PITTSFIELD, Mass. — Two more people were arraigned Monday morning in the murder of 26-year-old Jahda M. Martin, who was stabbed outside a Pittsfield nightspot in the early hours of March 6, 2010. Martin later died of his injuries at Berkshire Medical Center.
Allen McGraw, 26, was arrested Sunday and Crystal Gonzalez, 21, on Friday evening. They both appeared before Judge Frederic Rutberg in Central Berkshire District Court.
McGraw, of Kingston, N.Y., had not-guilty pleas entered in his behalf on single counts of murder and assault and battery by means of a dangerous weapon. Rutberg ordered him held at the Berkshire County House of Correction without the right to bail. He is scheduled to appear in district court for a pretrial hearing on April 8.
Gonzalez, of Springfield, had not-guilty pleas entered on her behalf on single counts of accessory after the fact to murder and accessory after the fact to assault and battery by means of a dangerous weapon. She was ordered held at the House of Correction on $25,000 bail. She is scheduled back in court for a pretrial hearing on April 14.
Police say McGraw, Terrance W. Brown, Trevor L. Pryce Jr. and John C. Spratling stabbed and assaulted Martin in the Burger King parking lot by Wendell Avenue Extension. Martin, of Hamlin Street, Pittsfield, was a star athlete at Lee High School, from which he graduated in 2002. He later attended Long Island (N.Y.) University.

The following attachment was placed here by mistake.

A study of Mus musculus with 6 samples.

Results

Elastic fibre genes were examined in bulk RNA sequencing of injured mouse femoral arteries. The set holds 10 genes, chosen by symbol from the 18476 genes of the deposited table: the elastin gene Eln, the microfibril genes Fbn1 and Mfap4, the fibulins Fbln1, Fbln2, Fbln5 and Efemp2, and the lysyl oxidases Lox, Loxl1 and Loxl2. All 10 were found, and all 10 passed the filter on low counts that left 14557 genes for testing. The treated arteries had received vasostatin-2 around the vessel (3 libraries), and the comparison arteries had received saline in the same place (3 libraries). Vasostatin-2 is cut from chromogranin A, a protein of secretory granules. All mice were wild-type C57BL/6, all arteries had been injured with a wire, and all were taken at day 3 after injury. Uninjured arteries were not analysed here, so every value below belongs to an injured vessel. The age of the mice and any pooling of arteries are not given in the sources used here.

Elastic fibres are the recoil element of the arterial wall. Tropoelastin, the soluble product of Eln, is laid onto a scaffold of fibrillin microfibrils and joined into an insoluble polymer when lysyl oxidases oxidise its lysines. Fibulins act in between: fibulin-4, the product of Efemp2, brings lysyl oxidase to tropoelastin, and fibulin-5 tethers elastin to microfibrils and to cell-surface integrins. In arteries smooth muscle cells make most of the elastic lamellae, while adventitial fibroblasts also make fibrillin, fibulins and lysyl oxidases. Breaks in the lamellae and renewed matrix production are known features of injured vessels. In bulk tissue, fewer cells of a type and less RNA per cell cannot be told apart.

Brown, 26, was arrested in Springfield on the night of March 10 and returned to Pittsfield on Thursday morning, when he was charged on single counts of murder and assault and battery by means of a dangerous weapon. He had not-guilty pleas entered on his behalf and was ordered, also by Rutberg, to be held at the House of Correction with out right to bail. Brown is scheduled to return to court for a pretrial hearing on April 8.
It is alleged that Gonzalez was operating the vehicle carrying Brown when he was arrested in Springfield on the Pittsfield warrant.
We show up at hurricanes, budget meetings, high school games, accidents, fires and community events. We show up at celebrations and tragedies and everything in between. We show up so our readers can learn about pivotal events that affect their communities and their lives.
How important is local news to you? You can support independent, unbiased journalism and help iBerkshires grow for as a little as the cost of a cup of coffee a week.